DIMACS Center, CoRE Building, Rutgers University

**Organizers:****Petros Drineas**, Purdue University**Aleksander Mądry**, Massachusetts Institute of Technology**Michael Mahoney**, University of California, Berkeley**David Woodruff**, Carnegie Mellon University

Many tasks in machine learning, statistics, scientific computing, and optimization ultimately boil down to numerical linear algebra. Randomized numerical linear algebra (RandNLA) exploits randomness to improve matrix algorithms for fundamental problems like matrix multiplication and least-squares using techniques such as random sampling and random projection. RandNLA has received a great deal of interdisciplinary interest in recent years, with contributions coming from numerical linear algebra, theoretical computer science, scientific computing, statistics, optimization, data analysis, and machine learning, as well as application areas such as genetics, physics, astronomy, and internet modeling. RandNLA is of great interest from a theoretical perspective, but it has the potential to be a transformative new tool for machine learning, statistics, and data analysis. The workshop aims to:

**(1) Present a tutorial overview of RandNLA**. A tutorial will provide background on relevant linear algebra, probability theory, numerical methods, and theory of algorithms; illustrate compelling data analysis and machine learning motivations and applications; survey implementations in different computational environments; and summarize basic results from RandNLA. The tutorial will emphasize connections and relationships between different approaches as well as recent foundational links with areas or statistics and optimization.

**(2) Present connections between RandNLA and TCS**. The workshop will highlight worst-case theoretical aspects of matrix randomized algorithms, including models of data access, pass efficiency, lower bounds, and connections to other algorithms for large-scale machine learning and data analysis, input-sparsity time embeddings, and geometric data analysis methods.

**(3) Elucidate the interplay between RandNLA, sketching, data streams, and communication-constrained implementations**. Besides input-sparsity time algorithms and terabyte-scale algorithms, a number of algorithms in RandNLA draw inspiration from techniques in the data stream literature, particularly those based on oblivious sketching. For instance, Cauchy embeddings and subsampling data structuresoriginally studied in the context of estimating norms in a data streamnow give the fastest known algorithms for robust regression. TensorSketch, a variant of the CountSketch data structure for finding heavy hitters in a stream, has machine learning applications such as kernel classification and the tensor power method.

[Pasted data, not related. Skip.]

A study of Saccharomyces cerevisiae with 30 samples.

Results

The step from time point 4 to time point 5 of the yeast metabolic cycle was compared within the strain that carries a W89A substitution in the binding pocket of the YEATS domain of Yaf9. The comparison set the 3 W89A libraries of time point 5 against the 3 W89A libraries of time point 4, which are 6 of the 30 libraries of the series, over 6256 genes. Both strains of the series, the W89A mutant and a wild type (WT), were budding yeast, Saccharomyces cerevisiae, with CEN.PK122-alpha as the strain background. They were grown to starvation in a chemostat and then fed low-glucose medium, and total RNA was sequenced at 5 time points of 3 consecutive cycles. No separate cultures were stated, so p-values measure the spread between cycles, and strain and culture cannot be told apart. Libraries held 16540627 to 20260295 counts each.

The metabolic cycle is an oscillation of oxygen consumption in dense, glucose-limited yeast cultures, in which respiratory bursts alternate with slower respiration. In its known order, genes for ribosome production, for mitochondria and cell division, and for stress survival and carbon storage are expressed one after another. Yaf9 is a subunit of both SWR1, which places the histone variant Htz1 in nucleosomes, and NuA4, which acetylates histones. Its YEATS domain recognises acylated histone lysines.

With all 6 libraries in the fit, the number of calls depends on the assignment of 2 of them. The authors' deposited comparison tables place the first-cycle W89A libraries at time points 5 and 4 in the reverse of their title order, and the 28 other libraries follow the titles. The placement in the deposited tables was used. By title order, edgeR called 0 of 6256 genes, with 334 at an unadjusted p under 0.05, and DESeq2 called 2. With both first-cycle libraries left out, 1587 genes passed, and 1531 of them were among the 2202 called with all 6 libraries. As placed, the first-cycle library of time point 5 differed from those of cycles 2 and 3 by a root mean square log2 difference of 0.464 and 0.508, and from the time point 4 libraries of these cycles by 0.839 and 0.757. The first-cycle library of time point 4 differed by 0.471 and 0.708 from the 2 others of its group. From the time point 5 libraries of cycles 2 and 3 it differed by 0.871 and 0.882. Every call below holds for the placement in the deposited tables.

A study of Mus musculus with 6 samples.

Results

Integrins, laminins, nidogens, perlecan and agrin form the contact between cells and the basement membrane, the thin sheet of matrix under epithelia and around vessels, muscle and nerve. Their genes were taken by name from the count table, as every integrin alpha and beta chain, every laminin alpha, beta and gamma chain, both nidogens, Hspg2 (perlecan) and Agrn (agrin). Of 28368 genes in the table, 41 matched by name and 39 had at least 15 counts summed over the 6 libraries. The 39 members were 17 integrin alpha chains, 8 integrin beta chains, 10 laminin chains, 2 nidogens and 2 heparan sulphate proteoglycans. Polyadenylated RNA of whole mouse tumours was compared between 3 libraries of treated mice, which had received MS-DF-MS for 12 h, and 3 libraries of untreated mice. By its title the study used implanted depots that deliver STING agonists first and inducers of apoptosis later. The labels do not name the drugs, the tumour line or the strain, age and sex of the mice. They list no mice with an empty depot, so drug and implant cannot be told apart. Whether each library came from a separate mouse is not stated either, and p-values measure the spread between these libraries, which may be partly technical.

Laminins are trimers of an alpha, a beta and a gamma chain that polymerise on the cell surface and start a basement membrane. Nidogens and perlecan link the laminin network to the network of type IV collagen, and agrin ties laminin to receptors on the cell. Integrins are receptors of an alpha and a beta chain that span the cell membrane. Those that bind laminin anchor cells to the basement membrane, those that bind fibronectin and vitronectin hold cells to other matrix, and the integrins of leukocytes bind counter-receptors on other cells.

**(4) Present connections between RandNLA and more traditional approaches to problems in applied mathematics, statistics, and optimization**. The workshop will emphasize connections with (convex) optimization, but also consider signal processing, sparsity-based algorithms, and matrix reconstruction. Recent developments in RandNLA with connections to statistics and optimization include both using RandNLA techniques to solve traditional statistics and optimization problems, e.g., ridge regression, Newton methods, etc., as well as characterizing implicit statistics and optimization perspectives on existing RandNLA algorithms.

This workshop aims to build on ideas and collaborations developed during the 2018 Simons Institute program on Foundations of Data Science.